On April 24, three Ross seniors visited the Lower School to present their Senior Projects. First up was Daisy Gallaher with “Being Dyslexic.” She showed a video installation, which she designed to provide the viewer with a look into the mind of a dyslexic learner. Next, Teague Costello discussed “Manipulating and Printing the Grain of Wood,” a process he used to create a beautiful series of prints of tree stump surfaces. And finally, Will Greenberg demonstrated his “Melomuse,” a musical instrument that skips the “learning curve” so that anyone can play it and make great music.
All three described how they picked the focus of their Senior Project. Daisy was inspired by her own struggle with dyslexia. She explained that an important part of developing a Senior Project is considering your passions and talents. Will agreed, encouraging the younger students to be unafraid of combining multiple interests when it comes time for them to take their own journey through the Senior Project. As Community Programs Director Chris Engel asked the group to think about how they would “make their mark,” the younger students eagerly called out various interests they would like to explore as seniors. One first grader said she would likely combine two of her favorite subjects—science and candy.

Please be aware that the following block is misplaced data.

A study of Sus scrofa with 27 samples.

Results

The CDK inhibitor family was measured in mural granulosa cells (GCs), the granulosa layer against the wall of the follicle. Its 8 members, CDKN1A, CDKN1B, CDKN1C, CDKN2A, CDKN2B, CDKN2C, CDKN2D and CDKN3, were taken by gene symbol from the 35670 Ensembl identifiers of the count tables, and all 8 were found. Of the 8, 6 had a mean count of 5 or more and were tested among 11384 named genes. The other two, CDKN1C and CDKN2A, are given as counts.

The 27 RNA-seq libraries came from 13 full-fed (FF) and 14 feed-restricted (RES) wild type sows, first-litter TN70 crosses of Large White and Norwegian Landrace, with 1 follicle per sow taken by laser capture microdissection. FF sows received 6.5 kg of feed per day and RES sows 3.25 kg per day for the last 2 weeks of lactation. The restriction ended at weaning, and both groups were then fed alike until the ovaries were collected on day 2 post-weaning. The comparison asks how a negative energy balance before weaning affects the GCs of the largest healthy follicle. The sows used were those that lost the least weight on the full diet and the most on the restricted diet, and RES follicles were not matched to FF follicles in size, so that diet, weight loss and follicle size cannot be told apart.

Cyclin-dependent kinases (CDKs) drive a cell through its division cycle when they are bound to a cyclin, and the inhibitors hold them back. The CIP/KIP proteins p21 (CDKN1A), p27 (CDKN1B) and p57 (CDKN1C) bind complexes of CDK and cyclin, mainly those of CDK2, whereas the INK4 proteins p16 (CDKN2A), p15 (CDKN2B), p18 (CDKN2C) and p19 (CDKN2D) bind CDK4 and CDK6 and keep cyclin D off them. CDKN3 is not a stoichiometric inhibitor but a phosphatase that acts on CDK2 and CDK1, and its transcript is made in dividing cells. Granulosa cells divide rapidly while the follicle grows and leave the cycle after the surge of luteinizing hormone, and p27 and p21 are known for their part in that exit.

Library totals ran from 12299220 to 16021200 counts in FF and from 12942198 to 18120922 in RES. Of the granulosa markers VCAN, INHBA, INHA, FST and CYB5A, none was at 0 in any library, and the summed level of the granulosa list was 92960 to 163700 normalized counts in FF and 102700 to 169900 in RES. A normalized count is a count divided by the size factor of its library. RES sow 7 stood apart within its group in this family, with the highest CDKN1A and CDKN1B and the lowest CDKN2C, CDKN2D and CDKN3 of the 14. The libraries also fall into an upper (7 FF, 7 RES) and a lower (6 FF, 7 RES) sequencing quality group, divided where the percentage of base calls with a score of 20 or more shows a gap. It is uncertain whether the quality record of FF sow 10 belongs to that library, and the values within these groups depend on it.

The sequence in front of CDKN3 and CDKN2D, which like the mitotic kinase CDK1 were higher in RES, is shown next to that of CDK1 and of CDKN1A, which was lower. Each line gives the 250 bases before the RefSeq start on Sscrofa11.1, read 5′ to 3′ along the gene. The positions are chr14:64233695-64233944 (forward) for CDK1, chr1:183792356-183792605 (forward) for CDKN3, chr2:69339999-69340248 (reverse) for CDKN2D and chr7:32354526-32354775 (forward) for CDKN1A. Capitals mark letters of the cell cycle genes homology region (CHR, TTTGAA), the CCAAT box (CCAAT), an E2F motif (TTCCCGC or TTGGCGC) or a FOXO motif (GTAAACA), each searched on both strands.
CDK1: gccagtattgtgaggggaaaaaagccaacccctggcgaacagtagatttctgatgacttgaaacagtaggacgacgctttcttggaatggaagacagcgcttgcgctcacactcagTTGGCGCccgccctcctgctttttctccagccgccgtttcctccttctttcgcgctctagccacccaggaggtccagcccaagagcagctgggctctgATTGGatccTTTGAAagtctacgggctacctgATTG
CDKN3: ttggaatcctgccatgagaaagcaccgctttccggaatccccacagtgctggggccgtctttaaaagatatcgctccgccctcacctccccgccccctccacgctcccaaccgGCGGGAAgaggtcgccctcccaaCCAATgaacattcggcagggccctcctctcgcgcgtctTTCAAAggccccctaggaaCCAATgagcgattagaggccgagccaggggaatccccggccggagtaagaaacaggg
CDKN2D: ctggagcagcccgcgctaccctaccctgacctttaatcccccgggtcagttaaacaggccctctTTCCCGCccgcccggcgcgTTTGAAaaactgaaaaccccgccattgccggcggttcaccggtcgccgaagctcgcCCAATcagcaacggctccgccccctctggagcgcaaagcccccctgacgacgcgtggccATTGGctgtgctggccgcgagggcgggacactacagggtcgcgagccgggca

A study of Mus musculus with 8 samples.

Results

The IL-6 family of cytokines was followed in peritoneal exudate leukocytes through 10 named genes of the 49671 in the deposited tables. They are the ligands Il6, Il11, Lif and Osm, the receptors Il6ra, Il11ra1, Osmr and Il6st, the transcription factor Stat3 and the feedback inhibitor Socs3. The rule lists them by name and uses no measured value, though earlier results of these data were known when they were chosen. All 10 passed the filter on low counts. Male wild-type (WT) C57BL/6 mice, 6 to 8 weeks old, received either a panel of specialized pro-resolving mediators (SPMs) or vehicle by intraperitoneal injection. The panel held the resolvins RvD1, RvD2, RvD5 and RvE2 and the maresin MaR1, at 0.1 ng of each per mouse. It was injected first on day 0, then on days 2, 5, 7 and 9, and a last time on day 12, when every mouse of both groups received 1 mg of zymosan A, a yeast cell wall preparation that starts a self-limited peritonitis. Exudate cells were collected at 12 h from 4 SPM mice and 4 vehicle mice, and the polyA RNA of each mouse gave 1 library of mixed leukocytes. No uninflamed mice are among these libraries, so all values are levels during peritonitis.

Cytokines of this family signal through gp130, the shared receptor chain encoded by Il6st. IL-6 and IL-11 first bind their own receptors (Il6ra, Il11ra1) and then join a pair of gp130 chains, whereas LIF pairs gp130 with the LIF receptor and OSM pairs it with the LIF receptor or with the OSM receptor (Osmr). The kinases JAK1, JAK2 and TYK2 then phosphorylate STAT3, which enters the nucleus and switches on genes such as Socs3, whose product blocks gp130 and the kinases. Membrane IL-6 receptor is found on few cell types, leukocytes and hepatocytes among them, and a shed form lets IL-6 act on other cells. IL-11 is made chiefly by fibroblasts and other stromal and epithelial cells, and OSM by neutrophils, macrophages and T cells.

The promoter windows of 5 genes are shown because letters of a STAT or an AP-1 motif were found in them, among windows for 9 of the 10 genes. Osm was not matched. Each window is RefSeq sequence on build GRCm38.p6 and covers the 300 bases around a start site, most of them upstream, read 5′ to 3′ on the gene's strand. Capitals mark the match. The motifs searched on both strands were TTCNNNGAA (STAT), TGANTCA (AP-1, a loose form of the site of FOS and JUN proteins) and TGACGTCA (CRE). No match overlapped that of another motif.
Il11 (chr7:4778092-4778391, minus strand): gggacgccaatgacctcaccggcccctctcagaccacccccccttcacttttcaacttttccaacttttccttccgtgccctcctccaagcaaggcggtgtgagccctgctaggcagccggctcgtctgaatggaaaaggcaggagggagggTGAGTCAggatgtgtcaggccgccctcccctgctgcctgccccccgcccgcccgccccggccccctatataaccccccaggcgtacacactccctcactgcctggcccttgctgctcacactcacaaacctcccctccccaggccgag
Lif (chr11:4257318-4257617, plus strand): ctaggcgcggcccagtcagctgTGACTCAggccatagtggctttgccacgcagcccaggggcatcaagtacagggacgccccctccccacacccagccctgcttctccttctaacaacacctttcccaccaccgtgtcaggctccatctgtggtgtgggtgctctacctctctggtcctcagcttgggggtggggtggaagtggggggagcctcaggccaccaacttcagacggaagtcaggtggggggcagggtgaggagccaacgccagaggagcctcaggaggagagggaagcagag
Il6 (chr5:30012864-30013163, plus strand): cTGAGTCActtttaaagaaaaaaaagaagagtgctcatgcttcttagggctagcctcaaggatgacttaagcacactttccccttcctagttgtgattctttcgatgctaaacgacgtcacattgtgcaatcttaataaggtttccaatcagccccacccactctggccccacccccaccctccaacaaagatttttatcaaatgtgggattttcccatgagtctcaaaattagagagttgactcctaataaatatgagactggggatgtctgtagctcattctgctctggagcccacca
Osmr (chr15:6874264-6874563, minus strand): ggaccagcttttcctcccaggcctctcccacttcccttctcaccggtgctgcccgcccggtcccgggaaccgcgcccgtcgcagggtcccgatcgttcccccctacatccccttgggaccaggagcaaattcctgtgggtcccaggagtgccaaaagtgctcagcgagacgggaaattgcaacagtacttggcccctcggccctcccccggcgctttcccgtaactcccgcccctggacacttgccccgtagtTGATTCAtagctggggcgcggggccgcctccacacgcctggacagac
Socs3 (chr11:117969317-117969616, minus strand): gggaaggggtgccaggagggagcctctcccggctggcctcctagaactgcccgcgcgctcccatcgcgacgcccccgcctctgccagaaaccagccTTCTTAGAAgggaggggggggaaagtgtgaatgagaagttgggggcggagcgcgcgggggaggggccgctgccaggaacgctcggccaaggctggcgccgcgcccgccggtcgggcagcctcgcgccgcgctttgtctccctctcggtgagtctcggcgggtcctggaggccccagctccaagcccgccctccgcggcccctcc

During a question-and-answer period, Daisy was asked about her personal experience with dyslexia. She explained that while it can be harder to learn, people with the disorder are often more creative because they look at things from a different perspective—and she likes this about herself.
Students were riveted as Teague described the intricate process he developed in order to make his prints. Because it can be difficult to get a print from a stump, he first had to sand and scrub the surface, then begin a slow process of burning the wood, and eventually paint the wood. As he shared the creative results of his labor, colorful prints of cedar, cherry and pine stumps, he echoed his classmates’ words about pursuing what you love. He knew he wanted to do artwork for his Senior Project, but his experience also led to research about artists in the field of printmaking and techniques for dealing with a tricky medium. Because there was no formal how-to guide for what he was attempting, developing his Senior Project was also an exercise in self-discovery and developing into somewhat of a trailblazer in his area of artwork.
As Will followed Teague on stage to demo his Melomuse, he engaged the younger kids by asking if anyone played a musical instrument, sharing that his personal favorite was the piano. Will is self-taught, and he chose to create something that could make a beautiful sound but required no lessons.
His invention is based on a digital step sequencer and programmed in advance to play a series of notes related to the button pressed. Students were fascinated and eager to play the one-of-a-kind instrument.
Teachers said the seniors’ visit was a true inspiration for their students, and many are already sharing wonderful ideas for a Senior Project that will leverage their talents and skills and uncover their passions.